Classic Dance Delights A Varied Audience

Moscow Ballet La Classique
Theatre Severn


Of all the art forms known to us, possibly dance is one of the broadest of churches. With such a huge variety of styles and genres it is clearly one of the most diverse of the art-forms we have.  Dance has been used to lead people to war, to celebrate peace, to make a point, to change generations, it has marked weddings and celebrated divorces, it is magical, it can be aggressive, enchanting or menacing and, more so, it gives us the right to be. 

Why then, one asks, do some dinosaurs insist that classical ballet should be considered to be a highbrow event, suitable only for business men to take clients to, or maybe somewhere where the pompous critic calls in at after a sumptuous meal in the Ivy or some such place? With the advent of travelling ballet companies, that tour the provinces unafraid to bring the classics to erstwhile inaccessible towns, ballet is more available now than ever before and much more within the price range of the working man, that elitism has gone and Ballet is reaching now  to so many more people.

Thanks for that needs to be shared amongst companies such as the Moscow Ballet La Classique who practically, perfectly, pirouetted, pointedly into the hearts of their audience in Theatre Severn last night. Dancing the lesser known of the Tales of Hoffman, Cappelia, the troupe, without a slipper out of place, charmed their audience delightfully.

At this point I won’t bore you with narrative instead I will talk of the soft beauty of the ladies and the strong masculinity of the men. So simply and lightly each dancer silently moved around the stage with willow flexibility.

Disappointedly the score was on backing track. Naturally an orchestra would have been nicer but as you must be aware, the less staff a business has to pay the more chance it has on keeping its head above water. Orchestras aren’t cheap. However having that knowledge doesn’t mean that you can’t help harbour a little disappointment as the top notes, which should resonate with clarity, are lost amongst an electronically supressed and compressed sound broadcast through the multitude of speakers planted around the auditorium.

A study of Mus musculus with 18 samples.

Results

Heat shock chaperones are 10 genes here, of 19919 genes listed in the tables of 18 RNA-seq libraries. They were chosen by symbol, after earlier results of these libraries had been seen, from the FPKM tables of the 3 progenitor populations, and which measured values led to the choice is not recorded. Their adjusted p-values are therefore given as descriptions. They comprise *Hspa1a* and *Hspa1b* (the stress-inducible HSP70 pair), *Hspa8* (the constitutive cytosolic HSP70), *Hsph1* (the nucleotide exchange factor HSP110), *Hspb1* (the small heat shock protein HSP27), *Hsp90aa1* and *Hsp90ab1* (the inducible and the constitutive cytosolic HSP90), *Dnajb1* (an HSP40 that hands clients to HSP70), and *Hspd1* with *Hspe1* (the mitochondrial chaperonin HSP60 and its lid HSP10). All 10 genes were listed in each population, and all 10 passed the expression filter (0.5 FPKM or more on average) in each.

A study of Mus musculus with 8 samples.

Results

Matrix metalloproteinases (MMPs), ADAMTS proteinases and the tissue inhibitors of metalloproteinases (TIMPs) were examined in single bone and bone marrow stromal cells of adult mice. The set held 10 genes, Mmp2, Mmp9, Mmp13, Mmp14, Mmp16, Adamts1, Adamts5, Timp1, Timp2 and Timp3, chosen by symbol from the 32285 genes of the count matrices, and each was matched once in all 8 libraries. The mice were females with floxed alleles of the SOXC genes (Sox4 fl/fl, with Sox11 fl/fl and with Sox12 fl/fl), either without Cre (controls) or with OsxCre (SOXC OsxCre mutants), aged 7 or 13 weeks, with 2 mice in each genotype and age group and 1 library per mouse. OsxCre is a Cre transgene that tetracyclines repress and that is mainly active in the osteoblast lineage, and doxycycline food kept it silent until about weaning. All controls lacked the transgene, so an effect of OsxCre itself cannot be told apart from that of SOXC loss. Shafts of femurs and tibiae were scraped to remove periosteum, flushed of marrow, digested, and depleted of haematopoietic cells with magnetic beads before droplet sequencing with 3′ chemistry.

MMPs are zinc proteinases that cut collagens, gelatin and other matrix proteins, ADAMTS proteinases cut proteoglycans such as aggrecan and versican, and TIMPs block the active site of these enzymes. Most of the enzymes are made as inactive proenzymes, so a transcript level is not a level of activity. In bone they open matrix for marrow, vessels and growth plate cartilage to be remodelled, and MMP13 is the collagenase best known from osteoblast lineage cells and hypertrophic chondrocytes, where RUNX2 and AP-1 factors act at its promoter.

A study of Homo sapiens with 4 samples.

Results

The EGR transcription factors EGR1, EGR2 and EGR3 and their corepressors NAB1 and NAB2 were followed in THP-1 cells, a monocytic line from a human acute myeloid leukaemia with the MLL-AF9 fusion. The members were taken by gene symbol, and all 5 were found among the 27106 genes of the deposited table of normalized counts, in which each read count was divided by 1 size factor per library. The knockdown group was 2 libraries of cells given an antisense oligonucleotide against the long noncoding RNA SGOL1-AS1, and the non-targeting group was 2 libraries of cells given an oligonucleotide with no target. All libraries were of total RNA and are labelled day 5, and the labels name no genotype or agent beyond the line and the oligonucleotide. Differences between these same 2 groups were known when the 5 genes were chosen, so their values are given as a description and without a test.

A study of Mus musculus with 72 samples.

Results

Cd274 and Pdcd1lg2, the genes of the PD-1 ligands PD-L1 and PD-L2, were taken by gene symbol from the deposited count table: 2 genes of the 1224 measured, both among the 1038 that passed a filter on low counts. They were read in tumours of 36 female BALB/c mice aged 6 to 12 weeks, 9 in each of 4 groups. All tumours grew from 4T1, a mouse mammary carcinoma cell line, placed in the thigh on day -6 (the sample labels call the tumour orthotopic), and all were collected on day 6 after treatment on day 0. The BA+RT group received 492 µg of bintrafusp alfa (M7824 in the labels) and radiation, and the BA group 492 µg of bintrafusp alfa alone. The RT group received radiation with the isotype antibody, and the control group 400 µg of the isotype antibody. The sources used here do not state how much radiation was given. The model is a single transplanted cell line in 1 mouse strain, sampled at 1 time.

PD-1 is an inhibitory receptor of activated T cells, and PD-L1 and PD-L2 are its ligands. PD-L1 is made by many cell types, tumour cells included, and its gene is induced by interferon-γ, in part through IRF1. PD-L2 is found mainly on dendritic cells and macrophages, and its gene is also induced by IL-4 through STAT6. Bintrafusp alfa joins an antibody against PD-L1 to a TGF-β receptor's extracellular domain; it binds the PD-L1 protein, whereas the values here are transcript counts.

Danced within the most simplistic of scenery, but lavishly coloured and designed, the piece had a mystical feel of Old Theatre. The whole building was working, the pulleys, the flies and the flats all went to making this ballet an enjoyable theatrical experience.

I hope however it isn’t ever suggested that Ballet is somehow a cut above the rest. If it is described so or worse still you are one of the ones that perpetuate the myth, hear this, Ballet is as valid and relevant, as important or as entertaining as so many other forms of dance from Morris to Hip Hop and from Disco to Street. Each of the genres should take their equal place in creating the mosaic that is the world of dance.

This is a four star review.

Owen Lewis


Owen Lewis Owen Lewis

Owen Lewis was born fifty something years ago in the land of the black puddings. For the geographically challenged that is in Lancashire. Moving to Shropshire From 1970 Owen was brought up in Church Stretton. His first real job was in radio. After starting on BBC Radio Shropshire he became known on Marcher Sound, broadcasting throughout the North West for several years. After a university degree course in Theatre, Owen became an actor and went on to play "Pirate Bill" in The Alton Towers Hotel. He also made several television appearances. Returning to university he took his PGCE enabling him to teach. That saw him on the Essex coast as a drama teacher and latterly as a Creative Educational Liaison Officer making films and creating new teaching methods to employ on children in need of more help in their fundamental learning skills. Published playwright Owen ultimately wants a house boat in Amsterdam to focus on his work as Playwright and Poet.